DETROIT — General Motors Chairman Rick Wagoner says the new contract with the UAW is transformational for the automaker.
"Just the agreement on the health care trust alone is huge," he told Automotive News. "While it's a tremendous financial commitment on our part, it also does a lot to take out overhang and risk off our balance sheet and, obviously, when implemented generates a huge cash savings to us."
Analysts have estimated that if GM gets approval from the Securities and Exchange Commission for the Voluntary Employees Beneficiary Association, or VEBA, GM would start to see savings of about $3.3 billion starting in 2010. Details will come next year, Wagoner said.
GM is contributing $26.5 billion into the UAW-controlled trust. This sheds GM's $47 billion obligation for UAW retiree health care when the trust takes effect in 2010.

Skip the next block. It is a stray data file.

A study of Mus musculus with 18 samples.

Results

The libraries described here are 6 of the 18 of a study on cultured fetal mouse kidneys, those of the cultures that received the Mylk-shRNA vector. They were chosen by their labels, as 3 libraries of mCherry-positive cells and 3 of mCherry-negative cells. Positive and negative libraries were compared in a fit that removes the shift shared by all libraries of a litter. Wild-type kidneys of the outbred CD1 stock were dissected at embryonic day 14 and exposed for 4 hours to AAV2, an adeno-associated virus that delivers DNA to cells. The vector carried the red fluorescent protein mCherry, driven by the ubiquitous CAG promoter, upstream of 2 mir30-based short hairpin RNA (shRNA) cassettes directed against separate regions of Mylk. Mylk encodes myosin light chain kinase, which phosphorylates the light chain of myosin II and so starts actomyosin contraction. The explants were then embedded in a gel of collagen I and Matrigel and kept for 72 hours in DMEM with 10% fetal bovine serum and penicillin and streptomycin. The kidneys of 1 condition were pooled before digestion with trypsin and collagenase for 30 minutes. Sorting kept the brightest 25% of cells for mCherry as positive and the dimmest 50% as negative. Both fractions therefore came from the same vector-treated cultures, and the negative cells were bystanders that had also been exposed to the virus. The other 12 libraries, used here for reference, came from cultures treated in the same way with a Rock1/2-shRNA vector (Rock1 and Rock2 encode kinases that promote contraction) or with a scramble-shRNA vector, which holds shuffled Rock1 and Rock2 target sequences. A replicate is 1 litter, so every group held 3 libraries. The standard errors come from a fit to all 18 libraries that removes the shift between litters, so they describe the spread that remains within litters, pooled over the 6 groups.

The contract will allow GM to pay new nonproduction workers about $26 an hour in wages and benefits vs. the nearly $78 it pays current workers. Wagoner says those savings will come as many of GM's older hourly employees retire over the next four years.
GM will bring some outsourced work, such as parts sequencing, in-house. Wagoner said it was unlikely GM would make parts in-house.
In the past year and a half, GM has bought out roughly 34,000 hourly workers. Buyouts could expand.
"The UAW mentioned interest in a buyout program," Wagoner said. "We haven't had a chance to explore that with them because they've been busy doing other stuff. But those kinds of things could accelerate savings in some upfront cost. We're open to that."